Of rabid nuns and bag ladies

Sunday, February 26, 2006

Portland, Ore. -- You plop your can of pork and beans on the supermarket's checkout belt and move along past the tabloids bleating lurid details of the escapades of this or that starlet.

Then, in the world's blackest ink, you see:

"RABID NUN INFECTS ENTIRE CONVENT" or "BAG LADY'S B.O. KILLS FIVE PEOPLE ON BUS" or "GRANDMA TURNS DOG INSIDE OUT LOOKING FOR LOST LOTTERY TICKET"

Who, you may ask, writes this bilge? For a while it was Tom D'Antoni, a freelance writer and producer of television documentaries.

D'Antoni says the work wasn't easy and it left a dark mark on him. He also wrote the stories, and, yes, he says, he made it all up. But that didn't bother the Florida-based tabloid The Sun, which bought his work in the mid 1980s.

Some of his best (and, he notes, his worst) are detailed in his book, "Rabid Nun Infects Entire Convent," published by Villard Books.

D'Antoni was doing pre-game broadcasts for the Baltimore Orioles in the mid-1980s and not making much money.

He worked as a radio talk show host and, for a few months, "I was the worst television news producer of all time. I hated it." He saw the tabloids and figured he could do at least that well.

Payment ranged from $25 to $50 or so for a headline and story, sometimes more, depending on how prominently it was used.

Some would be on the lighter side -- "WOMAN GOES ON HIGH-FIBER DIET, EATS HER CLOTHES" or "NEW GENETIC DISCOVERY CAN MAKE YOUR DOG SMELL LIKE PIZZA."

D'Antoni landed in Portland in 1997, feeling it would be a good place. "I figured my career in Baltimore was about over," he says. He worked for Oregon Public Broadcasting for six years producing documentaries and was a freelance writer.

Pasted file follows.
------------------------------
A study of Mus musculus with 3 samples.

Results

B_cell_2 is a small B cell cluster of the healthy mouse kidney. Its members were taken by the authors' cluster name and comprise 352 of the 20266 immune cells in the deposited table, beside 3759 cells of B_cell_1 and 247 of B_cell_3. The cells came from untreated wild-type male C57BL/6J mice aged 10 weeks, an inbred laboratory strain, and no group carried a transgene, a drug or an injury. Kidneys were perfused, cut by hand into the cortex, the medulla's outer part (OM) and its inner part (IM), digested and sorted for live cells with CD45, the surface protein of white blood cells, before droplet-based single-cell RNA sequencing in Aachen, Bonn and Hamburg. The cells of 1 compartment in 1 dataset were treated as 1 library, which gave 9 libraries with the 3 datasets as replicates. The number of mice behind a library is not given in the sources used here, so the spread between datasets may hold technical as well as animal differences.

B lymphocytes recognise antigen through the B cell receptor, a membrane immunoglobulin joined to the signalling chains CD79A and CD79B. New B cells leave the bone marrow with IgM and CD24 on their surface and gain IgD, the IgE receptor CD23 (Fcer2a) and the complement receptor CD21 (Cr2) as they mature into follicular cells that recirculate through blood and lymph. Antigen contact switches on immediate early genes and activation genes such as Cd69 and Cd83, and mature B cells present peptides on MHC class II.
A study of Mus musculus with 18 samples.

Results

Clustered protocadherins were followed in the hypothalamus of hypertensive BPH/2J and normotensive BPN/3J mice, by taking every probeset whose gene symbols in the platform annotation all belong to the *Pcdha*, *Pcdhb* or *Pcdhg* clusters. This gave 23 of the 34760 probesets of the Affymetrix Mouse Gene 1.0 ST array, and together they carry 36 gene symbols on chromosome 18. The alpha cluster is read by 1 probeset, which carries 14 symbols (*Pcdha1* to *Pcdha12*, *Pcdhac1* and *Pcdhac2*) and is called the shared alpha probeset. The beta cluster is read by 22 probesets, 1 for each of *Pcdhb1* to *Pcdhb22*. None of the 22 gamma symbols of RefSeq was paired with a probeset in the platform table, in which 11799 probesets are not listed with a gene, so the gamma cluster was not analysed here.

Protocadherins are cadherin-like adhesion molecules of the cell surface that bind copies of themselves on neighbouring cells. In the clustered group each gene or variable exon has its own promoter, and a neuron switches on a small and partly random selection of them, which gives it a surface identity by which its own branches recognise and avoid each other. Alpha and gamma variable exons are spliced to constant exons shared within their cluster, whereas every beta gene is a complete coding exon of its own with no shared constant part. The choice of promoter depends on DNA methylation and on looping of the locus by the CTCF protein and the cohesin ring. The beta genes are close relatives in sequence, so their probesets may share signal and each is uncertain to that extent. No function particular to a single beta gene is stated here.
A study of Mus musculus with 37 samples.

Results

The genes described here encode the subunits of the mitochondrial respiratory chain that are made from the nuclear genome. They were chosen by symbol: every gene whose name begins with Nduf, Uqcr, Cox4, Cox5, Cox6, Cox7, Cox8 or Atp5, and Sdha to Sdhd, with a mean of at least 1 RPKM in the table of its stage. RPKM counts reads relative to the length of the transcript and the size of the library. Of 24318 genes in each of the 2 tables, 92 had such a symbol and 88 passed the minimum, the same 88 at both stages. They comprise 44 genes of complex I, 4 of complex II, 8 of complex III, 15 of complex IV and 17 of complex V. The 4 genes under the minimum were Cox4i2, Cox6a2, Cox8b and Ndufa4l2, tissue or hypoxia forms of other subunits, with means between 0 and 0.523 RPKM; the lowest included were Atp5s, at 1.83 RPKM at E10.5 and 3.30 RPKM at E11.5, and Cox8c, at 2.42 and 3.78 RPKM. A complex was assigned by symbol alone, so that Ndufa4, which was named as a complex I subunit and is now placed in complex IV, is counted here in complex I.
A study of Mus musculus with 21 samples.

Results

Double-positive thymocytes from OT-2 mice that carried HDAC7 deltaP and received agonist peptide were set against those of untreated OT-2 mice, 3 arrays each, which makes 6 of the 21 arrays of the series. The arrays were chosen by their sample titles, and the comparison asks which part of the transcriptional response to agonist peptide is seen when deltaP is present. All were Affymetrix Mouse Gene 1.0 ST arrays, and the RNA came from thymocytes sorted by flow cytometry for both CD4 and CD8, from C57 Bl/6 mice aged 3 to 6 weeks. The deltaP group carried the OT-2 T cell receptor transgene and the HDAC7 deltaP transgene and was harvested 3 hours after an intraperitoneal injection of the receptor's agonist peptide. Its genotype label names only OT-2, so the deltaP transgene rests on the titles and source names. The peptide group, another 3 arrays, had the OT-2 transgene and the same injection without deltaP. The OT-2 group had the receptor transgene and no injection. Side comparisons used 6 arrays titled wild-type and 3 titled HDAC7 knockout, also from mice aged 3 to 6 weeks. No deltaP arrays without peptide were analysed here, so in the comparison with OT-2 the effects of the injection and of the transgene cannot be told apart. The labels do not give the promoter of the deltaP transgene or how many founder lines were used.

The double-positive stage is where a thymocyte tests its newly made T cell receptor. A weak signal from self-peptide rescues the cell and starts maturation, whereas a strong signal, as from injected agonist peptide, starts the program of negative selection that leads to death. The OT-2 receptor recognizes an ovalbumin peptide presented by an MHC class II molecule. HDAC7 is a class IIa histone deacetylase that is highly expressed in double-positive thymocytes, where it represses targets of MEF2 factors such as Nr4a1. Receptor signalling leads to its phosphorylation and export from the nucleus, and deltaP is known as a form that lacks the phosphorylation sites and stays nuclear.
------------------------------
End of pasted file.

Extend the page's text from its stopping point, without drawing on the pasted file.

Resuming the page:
For now, he has no interest in returning to his former craft. "But if someone offered me enough money I might try."

He admires the efforts of those who have followed him, like "AMELIA EARHART'S BARF BAG FOUND IN SOUTH PACIFIC," a story that ran in the Weekly World News about two years ago.

"Guys who write this stuff get a kick out of doing it -- they sit around and laugh about it," said Bill Sloan, who wrote the book "I Watched a Wild Hog Eat My Baby," a history of tabloid journalism. "It's popular with high school and college students. Of course, there are still a few little old ladies in tennis shoes out there who will believe anything they see in print."

Sloan said the sensational tabloids are struggling these days and scrambling for a niche.

"It's nearly all celebrity stuff now," said Sloan, who worked for years on the shaggier side of tabloid journalism and who now writes military histories. D'Antoni, a stocky, bearded man of 59 who laughs a lot, says that inspiration for some of his efforts came from living in what he recalls as a depressing environment in Baltimore, his hometown.

Wide credibility was never an issue: "The stuff was written for people who don't think [professional] wrestling is fixed."

D'Antoni once wrote a story with a headline reading "CULT USES HUMAN HEADS FOR BOWLING BALLS." Recently, he said, he learned of a story in an Australian newspaper about a man who killed his friend and used his head for a bowling ball.

"Reality is nipping at my heels," D'Antoni says.